PR9824: -Wunused-but-set

I'm just looking at PR9824 now & starting with some sanity checking of
existing related warnings.

One result of fixing PR11550 was that given this (taken from
test/SemaCXX/warn-unused-variables.cpp):

  struct S1 { S1(); };
  S1 makeS1();

we warn on this:

  S1 x = makeS1();

under the reasoning that the user could just drop the named variable
and call the function alone: makeS1();

but we don't warn on this:

  S1 x;

even though the equivalent suggestion would be to unname this variable
& simply invoke the default ctor: S1();

Is that reasonable/acceptable/correct? (Should we perhaps have a fixit
in the first case explaining that the user should just call the
function instead? Perhaps that's too hard to write in the presence of
multiple declarators)

From the examples in the bug, GCC doesn't warn about unused-but-set

for code like this:

   int i = 0; // no warning
   i = 1;
   &x; // warning about unused-value here

But it seems it'd be useful to indicate that the initializationg of
zero is completely unused when it's overwritten with 1 in all cases
anyway. Does that seem reasonable?

Ted: you mentioned there's already a dead-store checker in the SA? Was
your intent to basically port that up to the compiler proper? Are
there major performance concerns about it/refactoring that would be
required? Or will it just have to be basically reimplemented from
scratch for it to be compiler-appropriate?

I'm just looking at PR9824 now & starting with some sanity checking of
existing related warnings.

One result of fixing PR11550 was that given this (taken from
test/SemaCXX/warn-unused-variables.cpp):

struct S1 { S1(); };
S1 makeS1();

we warn on this:

S1 x = makeS1();

under the reasoning that the user could just drop the named variable
and call the function alone: makeS1();

but we don't warn on this:

S1 x;

even though the equivalent suggestion would be to unname this variable
& simply invoke the default ctor: S1();

Is that reasonable/acceptable/correct? (Should we perhaps have a fixit
in the first case explaining that the user should just call the
function instead? Perhaps that's too hard to write in the presence of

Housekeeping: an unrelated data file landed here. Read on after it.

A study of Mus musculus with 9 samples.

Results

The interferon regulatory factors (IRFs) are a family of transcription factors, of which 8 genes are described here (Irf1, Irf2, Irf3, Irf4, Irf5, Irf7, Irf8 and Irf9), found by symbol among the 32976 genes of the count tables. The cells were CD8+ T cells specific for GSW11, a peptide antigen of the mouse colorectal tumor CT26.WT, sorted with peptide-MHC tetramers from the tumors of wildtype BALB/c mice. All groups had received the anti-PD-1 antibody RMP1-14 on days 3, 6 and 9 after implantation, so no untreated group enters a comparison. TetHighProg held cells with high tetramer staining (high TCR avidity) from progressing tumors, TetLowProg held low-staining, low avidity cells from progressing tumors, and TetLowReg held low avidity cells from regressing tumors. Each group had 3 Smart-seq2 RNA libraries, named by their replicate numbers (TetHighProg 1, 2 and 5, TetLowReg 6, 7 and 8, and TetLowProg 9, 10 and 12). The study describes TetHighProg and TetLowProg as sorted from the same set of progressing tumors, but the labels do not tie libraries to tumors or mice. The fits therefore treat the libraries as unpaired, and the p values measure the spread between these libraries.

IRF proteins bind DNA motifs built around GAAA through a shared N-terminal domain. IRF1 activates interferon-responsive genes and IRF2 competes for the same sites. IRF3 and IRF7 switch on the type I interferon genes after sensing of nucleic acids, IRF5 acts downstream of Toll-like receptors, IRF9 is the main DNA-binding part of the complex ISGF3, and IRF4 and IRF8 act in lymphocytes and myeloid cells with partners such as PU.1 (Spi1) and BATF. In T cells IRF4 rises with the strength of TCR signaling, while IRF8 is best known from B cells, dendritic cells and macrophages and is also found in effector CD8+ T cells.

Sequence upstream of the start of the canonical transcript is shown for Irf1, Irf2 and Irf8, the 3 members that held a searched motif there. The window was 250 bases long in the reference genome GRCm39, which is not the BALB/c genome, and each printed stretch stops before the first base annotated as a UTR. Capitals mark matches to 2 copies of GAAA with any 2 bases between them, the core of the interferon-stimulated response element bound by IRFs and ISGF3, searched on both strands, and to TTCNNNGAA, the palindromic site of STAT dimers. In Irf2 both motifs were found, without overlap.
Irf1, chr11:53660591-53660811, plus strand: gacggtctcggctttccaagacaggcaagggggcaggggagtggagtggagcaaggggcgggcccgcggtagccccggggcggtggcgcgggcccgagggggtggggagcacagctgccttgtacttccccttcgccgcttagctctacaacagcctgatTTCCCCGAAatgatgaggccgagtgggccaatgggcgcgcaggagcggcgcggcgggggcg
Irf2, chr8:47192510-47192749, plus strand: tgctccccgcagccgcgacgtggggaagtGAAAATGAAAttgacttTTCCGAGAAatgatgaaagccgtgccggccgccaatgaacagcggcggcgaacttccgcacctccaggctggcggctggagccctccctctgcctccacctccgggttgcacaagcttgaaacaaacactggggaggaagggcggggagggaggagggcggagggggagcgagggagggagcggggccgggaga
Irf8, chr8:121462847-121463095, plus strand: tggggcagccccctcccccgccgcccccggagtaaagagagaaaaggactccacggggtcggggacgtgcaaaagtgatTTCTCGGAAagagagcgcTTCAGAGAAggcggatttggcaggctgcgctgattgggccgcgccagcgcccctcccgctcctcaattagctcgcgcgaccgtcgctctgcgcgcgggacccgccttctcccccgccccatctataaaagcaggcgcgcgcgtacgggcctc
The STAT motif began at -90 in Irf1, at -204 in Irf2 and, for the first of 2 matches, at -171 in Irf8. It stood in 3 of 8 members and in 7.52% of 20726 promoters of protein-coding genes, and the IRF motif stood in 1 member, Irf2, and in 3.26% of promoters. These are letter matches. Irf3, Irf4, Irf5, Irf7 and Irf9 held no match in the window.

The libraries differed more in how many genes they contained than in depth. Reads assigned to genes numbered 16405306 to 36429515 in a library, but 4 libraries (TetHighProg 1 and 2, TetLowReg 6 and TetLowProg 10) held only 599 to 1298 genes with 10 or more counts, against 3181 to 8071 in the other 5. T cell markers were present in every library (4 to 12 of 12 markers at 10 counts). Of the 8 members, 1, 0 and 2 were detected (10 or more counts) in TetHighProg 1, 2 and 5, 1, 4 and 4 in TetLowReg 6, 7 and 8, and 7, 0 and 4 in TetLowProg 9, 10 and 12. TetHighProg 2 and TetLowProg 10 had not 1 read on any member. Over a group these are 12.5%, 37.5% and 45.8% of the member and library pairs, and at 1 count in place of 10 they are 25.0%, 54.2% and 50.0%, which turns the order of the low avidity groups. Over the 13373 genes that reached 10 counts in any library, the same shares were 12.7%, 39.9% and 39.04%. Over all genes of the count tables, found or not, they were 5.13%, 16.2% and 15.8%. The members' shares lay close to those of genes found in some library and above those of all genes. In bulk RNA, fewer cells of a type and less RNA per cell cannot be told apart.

multiple declarators)

FWIW, both of these are only correct if the destructor is trivial. I'm hoping we already get that right.

I'm just looking at PR9824 now & starting with some sanity checking of
existing related warnings.

One result of fixing PR11550 was that given this (taken from
test/SemaCXX/warn-unused-variables.cpp):

struct S1 { S1(); };
S1 makeS1();

we warn on this:

S1 x = makeS1();

under the reasoning that the user could just drop the named variable
and call the function alone: makeS1();

but we don't warn on this:

S1 x;

even though the equivalent suggestion would be to unname this variable
& simply invoke the default ctor: S1();

Is that reasonable/acceptable/correct? (Should we perhaps have a fixit
in the first case explaining that the user should just call the
function instead? Perhaps that's too hard to write in the presence of
multiple declarators)

FWIW, both of these are only correct if the destructor is trivial. I'm hoping we already get that right.

Sorry, I could've clarified that. We do get that correct.

I'm just looking at PR9824 now & starting with some sanity checking of
existing related warnings.

One result of fixing PR11550 was that given this (taken from
test/SemaCXX/warn-unused-variables.cpp):

  struct S1 { S1(); };
  S1 makeS1();

we warn on this:

  S1 x = makeS1();

under the reasoning that the user could just drop the named variable
and call the function alone: makeS1();

but we don't warn on this:

  S1 x;

even though the equivalent suggestion would be to unname this variable
& simply invoke the default ctor: S1();

Is that reasonable/acceptable/correct?

This feels right to me. Calling a constructor feels more "normal" than
invoking a constructor directly. It's a subjective thing, so clang
shouldn't warn about either I think.